In a recent landmark ruling, the Supreme Court has reinforced the authority of High Courts to exercise inherent jurisdiction, even in cases where a charge sheet has been filed against the accused during the pendency of a petition seeking the quashing of an FIR. The bench comprising Justices Aniruddha Bose and Sanjay Kumar, drawing reference from the precedent set in Joseph Salvaraj A. vs. State of Gujarat & Ors., emphasized that the High Court retains the prerogative to assess whether the alleged offences are prima facie established based on the FIR, charge sheet, and other pertinent documents.
The case in question involved an appellant-accused who had filed a petition under Section 482 of the Cr.P.C. seeking the quashing of an FIR lodged against them for purported violations of Sections 420 and 409 of the Indian Penal Code. However, the High Court dismissed the petition as infructuous upon the submission of the charge sheet subsequent to the filing of the quashing plea, contending that the petition had lost relevance in light of this development.
Disagreeing with the High Court’s rationale, the Supreme Court underscored the precedent established in Joseph Salvaraj A. vs. State of Gujarat & Ors., wherein it was affirmed that even with the submission of a charge sheet, the Court possesses the authority to evaluate whether the alleged offences are prima facie established. The Court emphasized that the filing of a charge sheet does not inherently invalidate the quashing petition, necessitating a comprehensive examination of the circumstances surrounding the case.
Consequently, the Supreme Court allowed the appeal of the accused-appellant, directing the High Court to adjudicate the quashing petition on its merits. Additionally, the Court issued a stay on the arrest of the accused, pending the High Court’s decision on the petition, unless compelling circumstances arise necessitating the appellant’s detention.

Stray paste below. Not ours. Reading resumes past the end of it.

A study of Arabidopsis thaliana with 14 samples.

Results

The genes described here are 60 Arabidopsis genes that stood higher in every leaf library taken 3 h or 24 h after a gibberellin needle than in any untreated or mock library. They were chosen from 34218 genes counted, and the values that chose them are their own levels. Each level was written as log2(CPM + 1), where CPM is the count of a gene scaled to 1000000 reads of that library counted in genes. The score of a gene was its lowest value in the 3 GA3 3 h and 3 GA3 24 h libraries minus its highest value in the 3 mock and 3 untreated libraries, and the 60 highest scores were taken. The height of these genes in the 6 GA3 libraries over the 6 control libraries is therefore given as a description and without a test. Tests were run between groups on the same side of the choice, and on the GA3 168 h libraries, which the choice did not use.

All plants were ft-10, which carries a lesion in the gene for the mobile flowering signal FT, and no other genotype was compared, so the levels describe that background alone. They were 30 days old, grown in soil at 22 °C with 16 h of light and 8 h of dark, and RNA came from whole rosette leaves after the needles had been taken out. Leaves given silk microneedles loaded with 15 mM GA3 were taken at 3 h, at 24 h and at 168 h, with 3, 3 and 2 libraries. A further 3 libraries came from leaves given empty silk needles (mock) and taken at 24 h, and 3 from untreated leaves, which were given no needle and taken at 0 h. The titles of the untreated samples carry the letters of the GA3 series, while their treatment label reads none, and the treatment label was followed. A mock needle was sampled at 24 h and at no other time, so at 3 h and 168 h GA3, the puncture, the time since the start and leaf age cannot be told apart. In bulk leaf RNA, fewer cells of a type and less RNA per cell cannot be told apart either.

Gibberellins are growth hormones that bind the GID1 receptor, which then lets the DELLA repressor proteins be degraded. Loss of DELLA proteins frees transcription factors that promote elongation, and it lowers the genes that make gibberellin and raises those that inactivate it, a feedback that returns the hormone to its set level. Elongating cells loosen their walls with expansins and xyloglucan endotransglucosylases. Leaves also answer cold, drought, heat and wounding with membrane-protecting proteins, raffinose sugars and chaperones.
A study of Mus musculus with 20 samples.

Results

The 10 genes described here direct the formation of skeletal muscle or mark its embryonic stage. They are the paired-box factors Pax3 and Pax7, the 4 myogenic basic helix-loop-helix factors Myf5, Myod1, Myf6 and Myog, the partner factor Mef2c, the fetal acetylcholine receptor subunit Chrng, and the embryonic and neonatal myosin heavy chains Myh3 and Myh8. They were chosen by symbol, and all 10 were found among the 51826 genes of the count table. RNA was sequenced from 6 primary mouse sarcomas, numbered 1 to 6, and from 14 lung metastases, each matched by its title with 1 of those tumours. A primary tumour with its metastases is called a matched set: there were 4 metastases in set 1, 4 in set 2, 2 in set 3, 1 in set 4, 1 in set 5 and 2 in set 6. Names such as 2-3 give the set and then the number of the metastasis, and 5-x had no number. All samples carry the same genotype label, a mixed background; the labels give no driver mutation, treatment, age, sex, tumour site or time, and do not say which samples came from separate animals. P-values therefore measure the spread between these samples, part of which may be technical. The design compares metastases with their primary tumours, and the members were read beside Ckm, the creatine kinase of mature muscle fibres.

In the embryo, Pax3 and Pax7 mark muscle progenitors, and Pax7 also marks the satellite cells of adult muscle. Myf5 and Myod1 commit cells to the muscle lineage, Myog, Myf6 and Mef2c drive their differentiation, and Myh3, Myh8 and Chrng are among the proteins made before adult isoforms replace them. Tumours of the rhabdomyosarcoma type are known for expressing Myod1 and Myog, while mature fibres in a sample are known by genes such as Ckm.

In exercising its jurisdiction under Article 142 of the Constitution of India, the Supreme Court annulled the impugned order and remanded the matter to the High Court, emphasizing the imperative for a thorough consideration of the petition on its merits.
The ruling serves as a significant affirmation of the High Court’s authority to adjudicate petitions for the quashing of FIRs, even in instances where a charge sheet has been submitted during the pendency of such petitions. By upholding the principle established in Joseph Salvaraj A. vs. State of Gujarat & Ors., the Supreme Court reaffirmed the judiciary’s commitment to ensuring a fair and judicious assessment of allegations against the accused.
The decision underscores the inherent flexibility of the legal framework to adapt to evolving circumstances while safeguarding the fundamental rights of the accused. Furthermore, it highlights the judiciary’s role in upholding the principles of justice and ensuring equitable access to legal recourse.
In conclusion, the Supreme Court’s ruling represents a significant reaffirmation of the judiciary’s commitment to upholding the rule of law and ensuring fair and impartial adjudication in matters concerning the quashing of FIRs. By affirming the High Court’s authority to assess petitions on their merits, the Court has reinforced the foundational principles of justice and equity in the legal system.